It’s all about expectations
I heard someone say recently that we had just too much Olympics. Every two years is just too much. I couldn’t disagree more. I love watching those that are the best in sports, but are not usually covered by the sports media, compete for something other than a paycheck or endorsement money. I was disappointed when the United States decided to let professional athletes compete in the games because I love the “for the love of the game” attitude of the non-professional competitors.
I was watching the “Today Show” recently when Meredith, Matt, and Al were interviewing two athletes from different sports. Both athletes had won silver medals. In the first interview, Meredith said something to the effect of, “You must be so proud. What a great accomplishment. How do you think you were able to pull off such a great run?” The athlete talked about how all his training had paid off and how the long, hard years of sacrifice had come down to one moment that had made those years of hard training worth it. It was a great story and I was very happy for him.
Then Matt interviewed the second athlete. Their conversation was much different. I’m paraphrasing but his conversation went something like, “Well, I know you were disappointed in the outcome. Everybody thought you had this one. What happened? What went wrong?” The athlete went on to explain what had happened that had cost him the gold medal. He said it was tough because all the hard work and sacrifice over the past four years had failed to pay off.
Two athletes with the same results but very different stories and different reactions. Each had certain expectations going into the games and those expectations created different reactions to the same results. The financial markets are very much the same. The markets are extremely efficient. As soon as news is released of any interest to investors, they, as a group, immediately react to that information. That reaction takes into account what is reported and extrapolates the effect of that news into the future. So, if a company is supposed to underperform yet comes up with better than average results, the price of that stock should rise significantly. If a company is supposed to be great and only comes up with slightly better than average results, then its stock should go down significantly.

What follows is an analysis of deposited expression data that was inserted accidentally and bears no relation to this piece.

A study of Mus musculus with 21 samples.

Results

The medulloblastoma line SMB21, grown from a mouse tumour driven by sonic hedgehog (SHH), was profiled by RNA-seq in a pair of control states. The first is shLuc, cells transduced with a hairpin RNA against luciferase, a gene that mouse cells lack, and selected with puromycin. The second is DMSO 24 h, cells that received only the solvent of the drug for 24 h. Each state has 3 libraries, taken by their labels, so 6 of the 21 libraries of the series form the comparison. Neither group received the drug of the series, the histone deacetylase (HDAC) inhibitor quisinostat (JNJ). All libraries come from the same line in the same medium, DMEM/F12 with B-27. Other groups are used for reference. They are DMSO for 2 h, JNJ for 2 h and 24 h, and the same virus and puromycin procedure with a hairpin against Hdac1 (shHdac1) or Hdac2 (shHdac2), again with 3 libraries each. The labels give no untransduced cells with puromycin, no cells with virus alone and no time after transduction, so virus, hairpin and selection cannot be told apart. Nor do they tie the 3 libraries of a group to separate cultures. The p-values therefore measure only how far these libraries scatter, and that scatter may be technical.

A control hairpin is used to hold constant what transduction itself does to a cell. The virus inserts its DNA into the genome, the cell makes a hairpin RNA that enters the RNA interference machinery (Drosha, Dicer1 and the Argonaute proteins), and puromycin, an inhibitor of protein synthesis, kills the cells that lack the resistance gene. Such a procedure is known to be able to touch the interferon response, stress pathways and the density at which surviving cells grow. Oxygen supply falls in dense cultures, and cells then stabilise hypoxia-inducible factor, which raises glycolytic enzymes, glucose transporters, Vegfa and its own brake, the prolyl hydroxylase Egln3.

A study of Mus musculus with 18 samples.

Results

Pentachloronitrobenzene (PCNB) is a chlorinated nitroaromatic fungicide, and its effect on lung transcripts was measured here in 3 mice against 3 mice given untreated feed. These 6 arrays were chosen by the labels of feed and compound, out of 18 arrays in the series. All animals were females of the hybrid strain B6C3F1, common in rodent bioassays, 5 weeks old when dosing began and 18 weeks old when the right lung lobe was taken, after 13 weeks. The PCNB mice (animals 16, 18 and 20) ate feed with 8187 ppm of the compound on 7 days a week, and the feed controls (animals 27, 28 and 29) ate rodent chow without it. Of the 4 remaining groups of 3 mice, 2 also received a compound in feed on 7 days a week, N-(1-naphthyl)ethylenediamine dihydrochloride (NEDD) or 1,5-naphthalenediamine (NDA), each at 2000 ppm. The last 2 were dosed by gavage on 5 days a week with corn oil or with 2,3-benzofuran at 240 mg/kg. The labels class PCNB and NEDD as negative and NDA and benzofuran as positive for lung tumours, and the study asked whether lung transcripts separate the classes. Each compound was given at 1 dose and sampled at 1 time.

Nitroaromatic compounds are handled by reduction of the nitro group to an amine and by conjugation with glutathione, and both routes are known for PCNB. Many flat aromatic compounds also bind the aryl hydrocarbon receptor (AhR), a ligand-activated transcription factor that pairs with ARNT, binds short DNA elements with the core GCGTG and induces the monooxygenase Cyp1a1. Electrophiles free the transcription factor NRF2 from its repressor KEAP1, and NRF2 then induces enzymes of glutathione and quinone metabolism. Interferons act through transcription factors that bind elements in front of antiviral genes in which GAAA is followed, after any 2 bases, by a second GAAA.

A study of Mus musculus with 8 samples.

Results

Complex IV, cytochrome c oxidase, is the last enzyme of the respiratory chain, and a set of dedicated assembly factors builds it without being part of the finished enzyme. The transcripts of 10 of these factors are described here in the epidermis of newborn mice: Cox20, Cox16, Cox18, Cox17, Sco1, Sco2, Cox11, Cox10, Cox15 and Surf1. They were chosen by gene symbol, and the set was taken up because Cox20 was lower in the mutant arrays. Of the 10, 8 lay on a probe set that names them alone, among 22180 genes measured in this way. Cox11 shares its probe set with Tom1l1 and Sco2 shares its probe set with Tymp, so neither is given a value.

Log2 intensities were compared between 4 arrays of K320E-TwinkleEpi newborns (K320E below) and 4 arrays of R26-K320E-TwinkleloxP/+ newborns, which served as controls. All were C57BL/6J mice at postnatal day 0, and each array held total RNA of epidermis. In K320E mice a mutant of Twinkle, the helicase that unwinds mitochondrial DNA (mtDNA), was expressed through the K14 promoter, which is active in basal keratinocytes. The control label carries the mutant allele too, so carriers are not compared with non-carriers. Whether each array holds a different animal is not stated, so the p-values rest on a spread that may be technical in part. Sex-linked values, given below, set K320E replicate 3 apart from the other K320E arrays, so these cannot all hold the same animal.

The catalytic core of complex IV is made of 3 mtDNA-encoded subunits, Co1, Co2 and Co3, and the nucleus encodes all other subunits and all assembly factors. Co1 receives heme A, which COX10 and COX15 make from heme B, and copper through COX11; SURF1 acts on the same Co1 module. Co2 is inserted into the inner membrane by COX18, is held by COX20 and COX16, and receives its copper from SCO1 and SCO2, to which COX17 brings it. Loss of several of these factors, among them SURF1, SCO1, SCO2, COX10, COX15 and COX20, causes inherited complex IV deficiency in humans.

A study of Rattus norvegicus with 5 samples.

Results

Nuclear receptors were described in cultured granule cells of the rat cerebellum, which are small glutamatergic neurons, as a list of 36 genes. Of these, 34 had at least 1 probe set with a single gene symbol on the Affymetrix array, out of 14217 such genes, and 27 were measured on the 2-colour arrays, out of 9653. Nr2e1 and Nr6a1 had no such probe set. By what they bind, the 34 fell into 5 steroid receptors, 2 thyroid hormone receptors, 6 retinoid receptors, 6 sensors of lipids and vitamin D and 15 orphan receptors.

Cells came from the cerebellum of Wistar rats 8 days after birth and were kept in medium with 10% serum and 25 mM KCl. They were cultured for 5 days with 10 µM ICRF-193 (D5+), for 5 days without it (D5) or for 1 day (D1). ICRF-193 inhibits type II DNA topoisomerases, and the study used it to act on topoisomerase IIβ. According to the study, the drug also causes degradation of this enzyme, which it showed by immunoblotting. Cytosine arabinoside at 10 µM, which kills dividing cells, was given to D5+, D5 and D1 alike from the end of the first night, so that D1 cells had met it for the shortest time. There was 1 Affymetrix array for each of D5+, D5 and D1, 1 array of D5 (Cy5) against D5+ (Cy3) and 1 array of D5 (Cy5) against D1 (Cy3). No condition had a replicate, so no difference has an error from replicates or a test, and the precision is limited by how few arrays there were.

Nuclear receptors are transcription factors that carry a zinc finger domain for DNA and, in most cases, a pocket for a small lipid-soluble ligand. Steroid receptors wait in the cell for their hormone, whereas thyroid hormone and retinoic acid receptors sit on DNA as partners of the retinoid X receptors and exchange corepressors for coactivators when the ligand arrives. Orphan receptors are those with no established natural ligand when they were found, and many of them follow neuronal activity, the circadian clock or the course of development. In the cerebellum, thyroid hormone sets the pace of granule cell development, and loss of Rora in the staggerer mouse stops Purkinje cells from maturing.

That is why we have seen the stock market rise so significantly in the past year. Our future expectations for the stock market were discounted by such a huge amount based on our economic outlook that any good news would create a big run up in the price of the equity markets. That is also why it is dangerous to answer the most asked question of the year, “Where are we going from here?”
It depends considerably on what you mean. “Where is the economy going from here?” is a much different question than, “Where is the stock market going from here?” When forecasters say that it is going to be a long road back to recovery, most of the time they are talking about the economy. Even though we have seen significant improvement in the economic indicators over the past few quarters, we still have high unemployment and have yet to see real growth versus growth based on cost-cutting measures. I think it will be a while before we see real, positive long-term trends that we can hang our economic hat on. However, we don’t have to see real, long-term positive trends in the economic indicators in order to see sustained growth in the equity markets. All we need is to see better than expected trends. And, as long as the financial world is pessimistic about the future, we are likely to see better than expected growth in the equity markets. And, the more confidence we have in the equity markets, the more confidence we will gain in the economy. It is all related.
It is important to remember that our expectations can change at any time. Future expectations are a fickle thing. But, I for one am positive about the next five years in the stock market. I am also positive about our economic future. Just remember, the stock market and our economy are more like first cousins than identical twins. They are related, but they don’t have to do everything just alike.
Scott Reed, CIMA, AIFA, is CEO of Hardy Reed Capital Advisors in Tupelo.